Apr 17, 2015

WaterSignal Expands Service to California

The system can help reduce water consumption by 14% annually

WaterSignal California water conservation reduction

On the heels of California Gov. Jerry Brown’s statewide water restriction policy and goal to reduce consumption by 25%, WaterSignal announced its service expansion to California to assist those properties included in the mandate—universities and commercial properties, among others—to reduce their water consumption by 14%.

WaterSignal is a self-contained, non-intrusive device that continuously measures water flow in real time and sends data wirelessly to a website portal to view the water consumption by the month, day or down to the hour. With the real time data analysis designed to conserve water, property managers can proactively “watchdog” their water usage, pinpoint areas wasting water and even detect leaks or water spikes as they occur.

“You can only manage what you measure, and that’s been the problem with properties overusing water,” said Sean Rayborn, WaterSignal sales manager and a Los Angeles native. “In too many cases, property managers simply look at a monthly water bill, compare the cost to the previous month’s, accept the cost and pay it without question. However, what they don’t realize is that small underground leaks, inefficient fixtures and bad landscaping practices have consumed too much water.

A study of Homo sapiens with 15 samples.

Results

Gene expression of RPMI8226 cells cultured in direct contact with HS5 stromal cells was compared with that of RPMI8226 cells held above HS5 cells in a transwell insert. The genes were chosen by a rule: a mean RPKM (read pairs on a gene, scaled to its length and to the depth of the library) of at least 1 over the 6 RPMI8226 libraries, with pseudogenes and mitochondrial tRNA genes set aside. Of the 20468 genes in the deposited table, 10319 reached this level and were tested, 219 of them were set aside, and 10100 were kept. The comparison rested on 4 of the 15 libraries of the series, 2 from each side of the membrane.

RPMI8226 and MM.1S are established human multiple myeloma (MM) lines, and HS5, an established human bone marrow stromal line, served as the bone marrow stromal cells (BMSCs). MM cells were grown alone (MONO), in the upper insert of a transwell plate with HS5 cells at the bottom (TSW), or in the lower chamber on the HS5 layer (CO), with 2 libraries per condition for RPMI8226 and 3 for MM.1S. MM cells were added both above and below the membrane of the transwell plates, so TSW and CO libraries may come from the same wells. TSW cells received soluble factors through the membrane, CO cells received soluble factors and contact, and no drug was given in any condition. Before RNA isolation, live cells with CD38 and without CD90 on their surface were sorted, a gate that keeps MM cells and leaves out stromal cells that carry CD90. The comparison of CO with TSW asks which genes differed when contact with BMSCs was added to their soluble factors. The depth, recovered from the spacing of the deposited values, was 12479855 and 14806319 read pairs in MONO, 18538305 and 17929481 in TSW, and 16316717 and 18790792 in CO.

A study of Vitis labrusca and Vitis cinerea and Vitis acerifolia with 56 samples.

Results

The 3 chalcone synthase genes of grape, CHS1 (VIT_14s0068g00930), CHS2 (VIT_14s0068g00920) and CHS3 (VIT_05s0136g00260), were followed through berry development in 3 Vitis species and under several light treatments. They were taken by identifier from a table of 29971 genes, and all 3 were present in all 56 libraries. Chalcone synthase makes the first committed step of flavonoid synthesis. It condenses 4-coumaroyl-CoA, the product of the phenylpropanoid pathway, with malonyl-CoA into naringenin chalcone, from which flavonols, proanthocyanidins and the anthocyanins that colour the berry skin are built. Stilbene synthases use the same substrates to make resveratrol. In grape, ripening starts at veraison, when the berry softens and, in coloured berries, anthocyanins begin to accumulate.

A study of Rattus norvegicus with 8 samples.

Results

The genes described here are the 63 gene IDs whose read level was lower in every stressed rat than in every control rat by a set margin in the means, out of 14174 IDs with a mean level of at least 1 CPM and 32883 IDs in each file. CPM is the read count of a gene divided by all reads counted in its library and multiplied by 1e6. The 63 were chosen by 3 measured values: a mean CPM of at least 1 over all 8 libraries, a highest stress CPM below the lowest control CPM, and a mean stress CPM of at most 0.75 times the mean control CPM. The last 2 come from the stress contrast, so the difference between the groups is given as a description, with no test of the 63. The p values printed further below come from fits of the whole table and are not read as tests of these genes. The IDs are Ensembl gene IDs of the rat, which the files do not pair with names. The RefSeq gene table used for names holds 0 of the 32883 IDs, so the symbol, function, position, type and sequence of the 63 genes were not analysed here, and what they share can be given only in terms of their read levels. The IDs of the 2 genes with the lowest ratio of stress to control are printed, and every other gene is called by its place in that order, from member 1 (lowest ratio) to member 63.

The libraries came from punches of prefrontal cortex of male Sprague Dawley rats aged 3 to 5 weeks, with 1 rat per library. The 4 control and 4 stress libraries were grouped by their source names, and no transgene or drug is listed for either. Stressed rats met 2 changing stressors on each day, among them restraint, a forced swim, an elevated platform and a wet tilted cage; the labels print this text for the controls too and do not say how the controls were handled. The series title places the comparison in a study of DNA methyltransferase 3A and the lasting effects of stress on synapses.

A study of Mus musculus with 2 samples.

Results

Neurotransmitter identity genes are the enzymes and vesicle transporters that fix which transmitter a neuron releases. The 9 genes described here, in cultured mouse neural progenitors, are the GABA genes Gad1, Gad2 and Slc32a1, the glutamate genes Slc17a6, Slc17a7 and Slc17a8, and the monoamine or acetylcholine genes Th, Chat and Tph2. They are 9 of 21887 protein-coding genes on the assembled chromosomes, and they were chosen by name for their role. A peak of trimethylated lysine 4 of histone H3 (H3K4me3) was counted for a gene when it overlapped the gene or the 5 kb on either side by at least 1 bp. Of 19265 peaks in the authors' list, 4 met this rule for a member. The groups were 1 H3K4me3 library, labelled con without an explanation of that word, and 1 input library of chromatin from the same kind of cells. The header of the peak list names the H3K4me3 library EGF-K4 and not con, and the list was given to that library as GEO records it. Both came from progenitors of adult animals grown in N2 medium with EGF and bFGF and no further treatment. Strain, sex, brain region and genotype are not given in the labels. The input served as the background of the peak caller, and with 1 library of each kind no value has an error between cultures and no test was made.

“When you have thousands of properties not monitoring how much they actually waste, it’s easy to understand why my home state and others like it succumb to droughts and are forced to take government action to get people actively involved in water conservation."

Using real time water data, the system creates statistical charts to provide a comparative view of gallons used, if any day or hour had excessive usage and if non-occupied days (weekends/holidays) recorded higher than normal use. The manager can compare usage of one building against building, or one section of the property versus another, and even compare their data against national standards to determine if their program is on par or if changes need to be made to conserve water and money. If a leak occurs or when water spikes above the preset hourly or daily limit, the device detects the problem and immediately notifies the managervia a smartphone and SMS text alert for immediate action.

Rayborn noted that WaterSignal’s average savings is 14% annually.

With the addition of California, WaterSignal is currently working in 16 states with more than 600 water-monitoring meters installed.